The big picture on inflation, by ITM Trading. Everyone nowadays is completely used to a small and persistent inflation. But it didn’t used to be that way. For centuries, when gold was money, there basically was no inflation — price levels were remarkably constant century in, century out.
Gold was replaced by paper money progressively from 1913 (the start of the US Federal Reserve, similar dates throughout the West) to 1971 (US President Nixon severed the last tie between gold and paper currencies). From 1971, inflation has been persistent, especially in asset prices.
The following graph shows United States inflation over the past 241 years. Look at the tiny blips of hyperinflation during the Revolutionary War, War of 1812 and the Civil War. During these wars the government currency lost all value in a blaze of hyperinflation, but they only look tiny as compared to the inflation we’ve experienced since the Federal Reserve was given control of our monetary system.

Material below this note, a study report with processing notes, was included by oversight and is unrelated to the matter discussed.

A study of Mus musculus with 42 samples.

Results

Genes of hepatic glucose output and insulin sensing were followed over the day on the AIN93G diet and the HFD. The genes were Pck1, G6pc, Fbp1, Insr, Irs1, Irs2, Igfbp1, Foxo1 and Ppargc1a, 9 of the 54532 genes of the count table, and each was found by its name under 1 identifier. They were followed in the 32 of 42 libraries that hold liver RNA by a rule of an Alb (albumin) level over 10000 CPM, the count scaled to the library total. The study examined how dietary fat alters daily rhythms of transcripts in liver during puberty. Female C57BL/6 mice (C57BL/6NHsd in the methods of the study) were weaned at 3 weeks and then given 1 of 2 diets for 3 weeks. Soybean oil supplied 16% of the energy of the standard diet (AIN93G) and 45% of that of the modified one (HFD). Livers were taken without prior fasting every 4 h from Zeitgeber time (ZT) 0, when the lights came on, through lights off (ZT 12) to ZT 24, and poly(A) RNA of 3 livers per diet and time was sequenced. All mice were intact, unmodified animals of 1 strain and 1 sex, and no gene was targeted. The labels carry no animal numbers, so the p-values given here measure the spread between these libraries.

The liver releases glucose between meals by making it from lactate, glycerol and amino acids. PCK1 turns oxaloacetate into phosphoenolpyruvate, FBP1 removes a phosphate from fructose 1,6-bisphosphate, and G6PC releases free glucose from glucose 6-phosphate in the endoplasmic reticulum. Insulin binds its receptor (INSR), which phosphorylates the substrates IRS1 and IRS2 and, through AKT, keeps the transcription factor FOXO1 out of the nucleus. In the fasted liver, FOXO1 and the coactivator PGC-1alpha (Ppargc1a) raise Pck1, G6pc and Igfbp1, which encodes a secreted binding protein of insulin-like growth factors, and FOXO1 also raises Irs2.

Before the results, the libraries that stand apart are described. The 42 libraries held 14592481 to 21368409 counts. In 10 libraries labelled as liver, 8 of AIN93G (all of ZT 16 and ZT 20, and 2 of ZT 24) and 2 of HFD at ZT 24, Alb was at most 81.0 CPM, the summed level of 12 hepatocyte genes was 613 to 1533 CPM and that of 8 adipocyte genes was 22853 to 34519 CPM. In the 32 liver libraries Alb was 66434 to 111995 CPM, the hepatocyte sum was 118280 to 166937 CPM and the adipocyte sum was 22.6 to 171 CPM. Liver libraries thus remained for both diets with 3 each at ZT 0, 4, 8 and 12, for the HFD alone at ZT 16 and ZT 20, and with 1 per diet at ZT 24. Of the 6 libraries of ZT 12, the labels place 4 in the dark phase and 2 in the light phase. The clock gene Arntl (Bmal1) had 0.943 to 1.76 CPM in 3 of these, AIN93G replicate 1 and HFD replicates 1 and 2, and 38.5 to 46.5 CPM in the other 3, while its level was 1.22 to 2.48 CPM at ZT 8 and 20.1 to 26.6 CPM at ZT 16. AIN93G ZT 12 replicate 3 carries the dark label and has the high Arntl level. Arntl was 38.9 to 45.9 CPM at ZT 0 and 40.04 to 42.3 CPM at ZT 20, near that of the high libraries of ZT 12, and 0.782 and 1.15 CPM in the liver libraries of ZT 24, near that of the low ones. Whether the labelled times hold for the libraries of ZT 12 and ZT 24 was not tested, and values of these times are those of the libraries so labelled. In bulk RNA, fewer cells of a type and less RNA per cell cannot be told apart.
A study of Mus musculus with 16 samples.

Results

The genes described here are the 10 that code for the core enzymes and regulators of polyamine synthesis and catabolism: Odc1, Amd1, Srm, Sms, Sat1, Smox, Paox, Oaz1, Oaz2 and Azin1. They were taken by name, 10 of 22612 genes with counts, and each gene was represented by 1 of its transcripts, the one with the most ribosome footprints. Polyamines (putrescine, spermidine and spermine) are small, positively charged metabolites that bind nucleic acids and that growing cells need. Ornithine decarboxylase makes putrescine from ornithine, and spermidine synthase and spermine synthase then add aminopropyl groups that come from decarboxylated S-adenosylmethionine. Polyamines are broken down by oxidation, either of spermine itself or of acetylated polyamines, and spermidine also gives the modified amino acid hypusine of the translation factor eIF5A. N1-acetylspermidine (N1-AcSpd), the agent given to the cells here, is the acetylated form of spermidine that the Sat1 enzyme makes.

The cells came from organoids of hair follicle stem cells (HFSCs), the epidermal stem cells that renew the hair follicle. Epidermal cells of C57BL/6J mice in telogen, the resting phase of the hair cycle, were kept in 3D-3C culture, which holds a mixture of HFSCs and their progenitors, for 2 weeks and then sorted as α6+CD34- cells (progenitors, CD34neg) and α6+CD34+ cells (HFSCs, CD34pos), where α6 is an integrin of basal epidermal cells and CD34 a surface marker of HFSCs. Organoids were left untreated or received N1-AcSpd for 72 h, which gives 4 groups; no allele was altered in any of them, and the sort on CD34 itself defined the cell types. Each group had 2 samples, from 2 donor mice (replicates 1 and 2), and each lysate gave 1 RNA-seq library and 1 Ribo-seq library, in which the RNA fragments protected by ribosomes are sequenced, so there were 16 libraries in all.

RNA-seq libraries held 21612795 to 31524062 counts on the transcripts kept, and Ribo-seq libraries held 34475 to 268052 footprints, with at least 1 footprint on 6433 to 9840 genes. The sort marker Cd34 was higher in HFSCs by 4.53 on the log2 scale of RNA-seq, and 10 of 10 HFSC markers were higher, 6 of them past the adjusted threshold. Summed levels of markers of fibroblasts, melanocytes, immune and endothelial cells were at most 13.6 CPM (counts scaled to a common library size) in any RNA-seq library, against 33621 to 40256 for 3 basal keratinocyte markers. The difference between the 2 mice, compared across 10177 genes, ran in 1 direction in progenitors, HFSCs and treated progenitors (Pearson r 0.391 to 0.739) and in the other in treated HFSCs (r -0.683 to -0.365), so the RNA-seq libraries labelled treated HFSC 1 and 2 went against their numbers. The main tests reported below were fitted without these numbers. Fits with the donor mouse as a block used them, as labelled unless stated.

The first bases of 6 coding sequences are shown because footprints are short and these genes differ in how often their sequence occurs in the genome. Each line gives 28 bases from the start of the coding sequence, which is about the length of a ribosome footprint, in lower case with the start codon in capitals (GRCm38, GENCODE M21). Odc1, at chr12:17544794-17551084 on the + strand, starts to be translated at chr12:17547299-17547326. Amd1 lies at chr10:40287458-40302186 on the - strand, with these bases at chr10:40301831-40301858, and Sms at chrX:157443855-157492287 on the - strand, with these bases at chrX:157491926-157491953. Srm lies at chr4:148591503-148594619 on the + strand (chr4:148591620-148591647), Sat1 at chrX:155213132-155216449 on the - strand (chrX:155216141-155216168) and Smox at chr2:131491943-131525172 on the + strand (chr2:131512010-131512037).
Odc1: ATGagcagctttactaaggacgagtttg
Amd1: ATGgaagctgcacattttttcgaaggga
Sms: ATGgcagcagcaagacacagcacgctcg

But the US has been in a perpetual state of war since 1987 and inflation has been compounding at an exponential rate since 1971. Which is why, according the Federal Reserve, today, there is only 4 cents of purchasing power value left in the original dollar. And yet the central bankers’ cry for even more inflation.
Reminder: The world has built up a huge amount of debt since moving off the gold standard in 1971. This has involved a huge bubble of GDP growth from 1982 to the GFC, and the financialization of our economies, as money manufacture became the main means to wealth for some. See the graph.